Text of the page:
Atrial fibrillation (AFib) is the most commonly diagnosed arrhythmia, and it puts more than 2.7 million Americans at an increased risk for having a stroke. AFib patients are five times more likely to suffer a stroke, while 15-20% of all strokes are AFib-related. As the U.S. population ages, physicians will see more AFib cases, with the number expected to reach more than 12 million in 2030.
Doctors use various medications, including anticoagulants, to help control the irregular heart rate. While medications can help prevent blood clot formation, for certain patients, blood thinners may be too risky to use. That’s when cardiologists can turn to a surgical procedure to treat the patient instead.
A small, parachute-type device is placed in the left atrial appendage (LAA) to reduce the risk of thromboembolism in patients with nonvalvular atrial fibrillation who are not good candidates for long-term anti-coagulation medications. The FDA-approved device is inserted with a catheter and placed in the LAA, where it opens up like an umbrella. A thin layer of tissue then grows over the permanent device in about 45 days. This keeps the blood clots in the left atrial appendage from entering the bloodstream while also allowing many patients to discontinue use of blood thinners.
In non-valvular AFib, more than 90% of stroke-causing clots that come from the left atrium are formed in the LAA. The Watchman implant is a minimally invasive, one-time procedure designed to reduce the risk of strokes that originate in the LAA. It often takes less than 30 minutes to place the permanent implant, with an average hospital stay of one day or less – a much shorter recovery time compared to open heart surgery.
Several Novant Health hospitals are certified to do this procedure, and cardiologists doing the procedure are trained in multiple phases, including didactic training, imaging training, training inpatient selection, device selection and complication management.
The implant procedure is indicated for people who have AFib not caused by a heart valve problem (also known as non-valvular AFib), have been recommended for blood thinning medicines by their doctor, and can take short-term blood thinners but need an alternative. The LAA is permanently sealed after heart tissue grows over the Watchman implant. Patients remain on an OAC for at least 45 days post-procedure.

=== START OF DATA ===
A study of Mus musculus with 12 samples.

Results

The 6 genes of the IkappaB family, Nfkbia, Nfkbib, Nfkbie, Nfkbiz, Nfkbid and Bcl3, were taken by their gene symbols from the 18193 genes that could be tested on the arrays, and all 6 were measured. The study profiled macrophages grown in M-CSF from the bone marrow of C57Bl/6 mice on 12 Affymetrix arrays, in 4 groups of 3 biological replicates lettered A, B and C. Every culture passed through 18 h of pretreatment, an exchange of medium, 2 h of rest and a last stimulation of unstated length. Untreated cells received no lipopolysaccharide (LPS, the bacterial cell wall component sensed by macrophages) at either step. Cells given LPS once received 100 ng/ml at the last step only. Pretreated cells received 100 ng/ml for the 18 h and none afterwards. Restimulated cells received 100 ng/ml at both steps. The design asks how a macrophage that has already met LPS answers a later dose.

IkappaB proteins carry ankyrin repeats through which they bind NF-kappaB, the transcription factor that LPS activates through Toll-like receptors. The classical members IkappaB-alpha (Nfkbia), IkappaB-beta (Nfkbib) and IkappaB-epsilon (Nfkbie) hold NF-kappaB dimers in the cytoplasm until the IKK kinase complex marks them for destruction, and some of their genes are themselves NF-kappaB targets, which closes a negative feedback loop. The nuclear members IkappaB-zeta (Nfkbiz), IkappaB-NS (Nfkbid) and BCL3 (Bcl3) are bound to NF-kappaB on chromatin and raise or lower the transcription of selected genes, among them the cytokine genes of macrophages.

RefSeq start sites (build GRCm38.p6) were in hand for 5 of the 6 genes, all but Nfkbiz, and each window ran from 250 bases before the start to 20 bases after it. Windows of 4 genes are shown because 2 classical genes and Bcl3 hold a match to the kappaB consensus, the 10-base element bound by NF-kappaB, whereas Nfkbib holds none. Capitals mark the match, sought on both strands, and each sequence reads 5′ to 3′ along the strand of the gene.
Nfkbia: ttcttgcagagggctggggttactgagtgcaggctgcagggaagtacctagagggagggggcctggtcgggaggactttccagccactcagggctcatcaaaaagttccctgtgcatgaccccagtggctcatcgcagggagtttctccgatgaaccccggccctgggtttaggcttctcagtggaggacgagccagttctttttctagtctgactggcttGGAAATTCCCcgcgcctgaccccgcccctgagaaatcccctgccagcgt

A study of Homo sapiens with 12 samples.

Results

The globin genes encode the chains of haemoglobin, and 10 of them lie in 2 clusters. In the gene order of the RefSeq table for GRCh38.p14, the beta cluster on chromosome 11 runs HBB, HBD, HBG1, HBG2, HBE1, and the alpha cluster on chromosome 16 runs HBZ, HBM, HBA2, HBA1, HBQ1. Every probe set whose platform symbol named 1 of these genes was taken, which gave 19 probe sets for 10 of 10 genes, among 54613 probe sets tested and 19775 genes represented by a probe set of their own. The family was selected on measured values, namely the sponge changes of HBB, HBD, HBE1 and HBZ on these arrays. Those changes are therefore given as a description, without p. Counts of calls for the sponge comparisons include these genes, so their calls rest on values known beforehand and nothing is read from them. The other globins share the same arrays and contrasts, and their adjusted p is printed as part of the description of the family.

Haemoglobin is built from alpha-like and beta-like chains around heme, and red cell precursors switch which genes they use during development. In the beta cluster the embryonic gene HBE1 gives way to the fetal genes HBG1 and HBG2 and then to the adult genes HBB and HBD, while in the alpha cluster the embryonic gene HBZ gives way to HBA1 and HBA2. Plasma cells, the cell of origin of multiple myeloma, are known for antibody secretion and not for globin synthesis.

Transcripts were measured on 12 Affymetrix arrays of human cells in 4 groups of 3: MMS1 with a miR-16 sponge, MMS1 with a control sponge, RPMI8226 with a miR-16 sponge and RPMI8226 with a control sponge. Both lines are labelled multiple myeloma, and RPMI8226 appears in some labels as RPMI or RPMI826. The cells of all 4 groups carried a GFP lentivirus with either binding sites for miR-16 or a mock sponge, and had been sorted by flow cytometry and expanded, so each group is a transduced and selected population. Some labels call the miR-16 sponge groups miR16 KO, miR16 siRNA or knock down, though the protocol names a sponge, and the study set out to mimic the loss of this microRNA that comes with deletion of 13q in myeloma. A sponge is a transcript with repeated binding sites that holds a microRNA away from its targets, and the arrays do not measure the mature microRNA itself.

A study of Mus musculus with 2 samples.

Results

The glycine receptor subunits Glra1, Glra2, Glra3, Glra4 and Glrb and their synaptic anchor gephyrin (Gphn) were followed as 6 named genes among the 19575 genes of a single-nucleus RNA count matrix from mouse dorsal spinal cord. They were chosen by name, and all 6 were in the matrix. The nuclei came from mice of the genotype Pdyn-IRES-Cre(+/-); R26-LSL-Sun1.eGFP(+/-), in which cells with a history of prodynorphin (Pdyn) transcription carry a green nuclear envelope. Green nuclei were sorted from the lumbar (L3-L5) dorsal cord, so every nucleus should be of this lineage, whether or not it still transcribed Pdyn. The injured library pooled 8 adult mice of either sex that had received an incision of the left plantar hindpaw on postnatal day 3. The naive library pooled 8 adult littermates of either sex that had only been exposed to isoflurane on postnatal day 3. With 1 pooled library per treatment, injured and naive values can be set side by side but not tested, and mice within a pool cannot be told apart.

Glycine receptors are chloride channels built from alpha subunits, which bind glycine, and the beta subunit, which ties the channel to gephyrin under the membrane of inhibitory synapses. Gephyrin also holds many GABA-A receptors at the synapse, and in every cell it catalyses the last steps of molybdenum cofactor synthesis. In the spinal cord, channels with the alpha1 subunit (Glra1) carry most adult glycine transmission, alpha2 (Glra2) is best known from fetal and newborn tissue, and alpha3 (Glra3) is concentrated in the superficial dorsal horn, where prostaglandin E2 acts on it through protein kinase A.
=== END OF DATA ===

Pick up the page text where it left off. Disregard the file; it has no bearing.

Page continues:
According to a clinical trial that evaluated the procedural safety and closure efficacy for one type of implant, the device had a low major complication rate and a high rate of effective LAA closure. Trial results found:
- Primary safety endpoint – 0.5% event rate
- Primary efficacy endpoint – 100% effective LAA closure
- 96.2% of patients able to discontinue blood thinner at 45-day follow-up
- 98.8% patients successfully implanted
- No hemorrhagic strokes through 12 months of follow-up
Key benefits of this procedure
- Long-term stability and complete seal of the LAA: The device’s frame allows for optimal device engagement with the tissue for long-term stability and a faster, complete seal of the LAA.
- Enhanced procedural performance: Fully rounded design offers physicians the ability to safely enter and maneuver within the LAA and to fully recapture, reposition and redeploy the device during the procedure.
- Broad patient population: Size range allows treatment of a wide range of patient anatomies, with a reported 98.8% of the cases have a successful implant.
Make a referral to one of our interventional cardiologists.